Tim Turnquist

HOW TO: Get more consistent font-sizes in email templates

Discussion created by Tim Turnquist on Nov 24, 2015
Latest reply on Jan 20, 2016 by Tim Turnquist

We had a very hard time using the TinyMCE editor that comes with SugarCRM 6.5.22 CE keeping the look and feel consistent over multiple email clients since TinyMCE converts font-sizes to 'xx-small', 'x-small', 'small', 'medium', 'large', 'x-large' and 'xx-large' instead of PX size notation. An email in MS Outlook looked to have a larger font but using a browser for GMail, for example, the same font in the same email looked just right. Getting more control over our look and feel in how we present ourselves in emails and campaigns are big concerns for presenting a consistent and professional brand.


Since I am not an expert on TinyMCE, I used the before_save logic hook to convert it back to a PX size notation that most clients will render more similarly.


My logic hook looks like this:


$hook_version = 1;

$hook_array = Array();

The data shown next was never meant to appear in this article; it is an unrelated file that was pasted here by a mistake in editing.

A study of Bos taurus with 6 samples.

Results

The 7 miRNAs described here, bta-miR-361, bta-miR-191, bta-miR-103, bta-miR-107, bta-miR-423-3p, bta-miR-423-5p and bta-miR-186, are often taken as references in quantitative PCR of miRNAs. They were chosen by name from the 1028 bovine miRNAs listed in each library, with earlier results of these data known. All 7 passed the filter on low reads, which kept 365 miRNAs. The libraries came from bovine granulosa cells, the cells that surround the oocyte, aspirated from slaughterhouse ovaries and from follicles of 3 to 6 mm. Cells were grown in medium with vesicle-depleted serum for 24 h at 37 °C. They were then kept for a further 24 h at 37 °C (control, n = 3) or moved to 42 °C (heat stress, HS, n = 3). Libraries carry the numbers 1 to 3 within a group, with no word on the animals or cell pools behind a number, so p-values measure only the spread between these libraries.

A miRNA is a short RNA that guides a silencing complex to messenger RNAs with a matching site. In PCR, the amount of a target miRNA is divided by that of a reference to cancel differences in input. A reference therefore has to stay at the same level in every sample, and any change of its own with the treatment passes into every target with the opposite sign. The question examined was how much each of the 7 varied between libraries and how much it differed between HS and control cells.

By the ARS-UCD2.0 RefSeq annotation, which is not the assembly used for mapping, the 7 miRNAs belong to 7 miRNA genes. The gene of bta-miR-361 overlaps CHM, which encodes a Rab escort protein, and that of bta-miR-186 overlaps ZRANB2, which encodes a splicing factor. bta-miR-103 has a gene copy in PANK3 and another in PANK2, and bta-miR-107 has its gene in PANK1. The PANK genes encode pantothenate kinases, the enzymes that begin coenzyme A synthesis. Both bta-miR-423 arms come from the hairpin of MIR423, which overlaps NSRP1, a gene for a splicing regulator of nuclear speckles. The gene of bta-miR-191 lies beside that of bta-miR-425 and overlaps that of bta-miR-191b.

// position, file, function

$hook_array['before_save'] = Array();

$hook_array['before_save'][] = Array(1, 'Font_Size_Adjustment', 'custom/include/emailTemplateUtils.php','emailTemplateUtils', 'change_font_size');


Then my new function looks like this:


class emailTemplateUtils{

  public function change_font_size( &$bean, $event, $args )


  $patterns = array(









  $replacements = array(

  'font-size: 8px;',

  'font-size: 10px;',

  'font-size: 12px;',

  'font-size: 14px;',

  'font-size: 18px;',

  'font-size: 24px;',

  'font-size: 36px;',


  $bean->body_html = preg_replace( $patterns, $replacements, $bean->body_html );




So, this saves the body of the email in a format that will look consistent in most* email clients.  You can see the results below and how the AFTER font-sizes are more predictable and controllable -- even in MC Outlook.




*By most, I mean all of the ones that I have personally used and tested this on, which includes GMail in Chrome, Firefox, IE and Edge; email clients on Android and iPhone; and installed email clients like MS Outlook & an old Thunderbird client. I know that by no means is that an exhaustive list, but it represents a large percentage of clients that email are viewed on.